How to Make Big Data Work for You

Big Data. It’s a perennial—and oft-overused—term in marketing.

The reason for that is simple: Data is everywhere. And marketers can cull it from most anywhere. The result is a plethora of social data, open data, sensor data, location data, behavioral data, real-time data—the list goes on and on. Big Data can affect most all aspects of marketing by informing campaigns, enriching existing data sets, and ideally, impacting the bottom line.

Truthfully, the idea of Big Data carries great promise. If leveraged effectively, Big Data can be a major problem solver. It can improve customer experience, boost customer interaction, increase revenue, reduce costs, and identify breakdowns in infrastructure and the sales funnel.

However, there seems to be one constant, pressing question: How can you make Big Data work for you?

“Marketers are struggling to bridge the gap between the perceived value that they feel exists in these large data sets and the value that we’re able to actually extract today,” says Matt Abrams, chief technology officer for AddThis, a Web-tracking technology company best known for its social bookmarking widget. “Joining the insights of Big Data sets together is a challenge. That’s another point of frustration for marketers. Even if they’re able to extract these insights, they’re not able to execute on them.”

Abrams says that, bottom line, marketers must learn how to leverage Big Data. And to do that, he says they must tie insights to execution.

In other words, use Big Data to craft, target and personalize, and contextualize.

“Today it’s just extremely important that we understand who our audience is. It’s important to craft different creative for different cohorts in your audience. To give them the right message at the right time,” Abrams explains. “That’s what Big Data provides.”

And one of the best ways to leverage Big Data is to use it to always “deliver on a brand promise,” says Wilson Raj, global director of customer intelligence at data software giant SAS. Raj says that customer experience is directly tied to the ability to deliver on a brand promise, which in turn is directly linked to Big Data.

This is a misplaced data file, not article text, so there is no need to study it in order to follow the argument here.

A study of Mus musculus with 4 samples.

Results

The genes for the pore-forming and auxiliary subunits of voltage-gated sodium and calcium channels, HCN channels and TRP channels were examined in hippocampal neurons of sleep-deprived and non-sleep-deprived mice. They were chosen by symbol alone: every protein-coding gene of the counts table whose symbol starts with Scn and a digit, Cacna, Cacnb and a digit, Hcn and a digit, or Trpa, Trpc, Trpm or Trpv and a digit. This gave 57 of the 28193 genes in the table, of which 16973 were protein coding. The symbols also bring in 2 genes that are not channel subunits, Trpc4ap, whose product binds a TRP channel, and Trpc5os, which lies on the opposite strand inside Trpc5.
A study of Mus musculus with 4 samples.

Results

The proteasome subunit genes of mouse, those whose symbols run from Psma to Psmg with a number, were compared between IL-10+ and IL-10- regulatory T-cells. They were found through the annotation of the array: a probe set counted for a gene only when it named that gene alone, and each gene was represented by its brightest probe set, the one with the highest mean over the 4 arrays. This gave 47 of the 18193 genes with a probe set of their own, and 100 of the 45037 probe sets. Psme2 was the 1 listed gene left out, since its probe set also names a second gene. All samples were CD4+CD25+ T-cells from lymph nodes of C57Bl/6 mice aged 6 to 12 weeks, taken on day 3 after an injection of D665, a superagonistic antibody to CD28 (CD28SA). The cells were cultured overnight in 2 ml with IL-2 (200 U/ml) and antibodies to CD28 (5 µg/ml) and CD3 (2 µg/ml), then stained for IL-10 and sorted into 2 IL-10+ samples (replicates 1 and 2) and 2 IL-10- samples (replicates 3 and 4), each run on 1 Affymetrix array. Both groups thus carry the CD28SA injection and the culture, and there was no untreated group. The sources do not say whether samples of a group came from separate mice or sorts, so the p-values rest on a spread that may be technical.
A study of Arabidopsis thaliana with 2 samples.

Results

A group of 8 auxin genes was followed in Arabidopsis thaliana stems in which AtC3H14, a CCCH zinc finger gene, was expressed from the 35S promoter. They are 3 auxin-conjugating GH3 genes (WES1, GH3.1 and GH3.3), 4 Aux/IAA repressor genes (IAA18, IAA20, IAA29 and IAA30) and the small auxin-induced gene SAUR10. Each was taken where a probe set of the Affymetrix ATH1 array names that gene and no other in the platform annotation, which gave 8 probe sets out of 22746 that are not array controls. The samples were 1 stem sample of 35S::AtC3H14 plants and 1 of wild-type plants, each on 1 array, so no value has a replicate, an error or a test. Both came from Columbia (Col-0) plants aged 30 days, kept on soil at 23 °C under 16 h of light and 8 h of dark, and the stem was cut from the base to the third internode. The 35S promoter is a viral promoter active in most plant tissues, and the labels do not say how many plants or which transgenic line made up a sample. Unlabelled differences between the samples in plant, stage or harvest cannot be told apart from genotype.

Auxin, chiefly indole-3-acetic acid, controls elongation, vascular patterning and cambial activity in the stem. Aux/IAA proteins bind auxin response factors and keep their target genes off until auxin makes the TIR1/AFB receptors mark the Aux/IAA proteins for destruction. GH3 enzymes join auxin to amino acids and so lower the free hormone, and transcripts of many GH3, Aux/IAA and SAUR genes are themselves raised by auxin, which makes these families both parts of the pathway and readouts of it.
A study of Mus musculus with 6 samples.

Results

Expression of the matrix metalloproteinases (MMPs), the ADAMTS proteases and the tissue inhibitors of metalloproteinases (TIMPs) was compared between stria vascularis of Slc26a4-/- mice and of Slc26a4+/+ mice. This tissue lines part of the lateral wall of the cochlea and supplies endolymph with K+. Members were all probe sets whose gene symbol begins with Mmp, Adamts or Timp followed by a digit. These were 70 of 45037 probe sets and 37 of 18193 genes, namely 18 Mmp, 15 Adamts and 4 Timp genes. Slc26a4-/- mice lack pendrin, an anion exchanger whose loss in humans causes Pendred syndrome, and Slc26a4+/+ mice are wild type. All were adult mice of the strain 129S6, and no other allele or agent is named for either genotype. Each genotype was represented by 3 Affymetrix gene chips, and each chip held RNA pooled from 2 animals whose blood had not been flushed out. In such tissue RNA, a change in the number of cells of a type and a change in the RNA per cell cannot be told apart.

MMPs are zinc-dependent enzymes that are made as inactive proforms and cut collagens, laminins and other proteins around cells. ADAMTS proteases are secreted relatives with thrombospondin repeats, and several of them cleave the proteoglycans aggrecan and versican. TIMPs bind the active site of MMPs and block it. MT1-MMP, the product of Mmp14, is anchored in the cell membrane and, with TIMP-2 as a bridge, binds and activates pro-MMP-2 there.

“Customer experience is really nothing more than the verification of whether the brand promise has been delivered,” Raj explains. He says if a brand delivers on a promise, that’s a positive customer experience; if the brand does not deliver, it’s a negative one.

“So the customer experience is really an evaluation of brand promise,” Raj continues. “So from that perspective—the customers’ perspective—Big Data plays into a lot of [aspects]. One, Big Data can be used to enrich that [customer] experience in a number of ways. The more data that we can harness, the deeper, more comprehensive portrait of the consumer.”

He says that marketers also can use Big Data to create brand advocates, understand customer motivation, know what’s driving their actions, and delve deeper into shoppers’ emotions.

“It’s no longer just the amount and the volume of data. It’s the variety of Big Data,” Raj says. “Tap into those micro, digital footprints: digital breadcrumbs on websites, customer keystrokes, what [devices] they’re turning off and on. Then mesh that with the Internet of Things. Those customer details—the granularity—is absolutely amazing.”

On a final note, both Raj and AddThis’ Abrams say there’s no question that the future of marketing is data.

“Big Data is certainly part of that future,” Abrams says. “Analyzing data is important, but the creative will never go away. Use Big Data to succeed. Big Data is amplification for your creation.”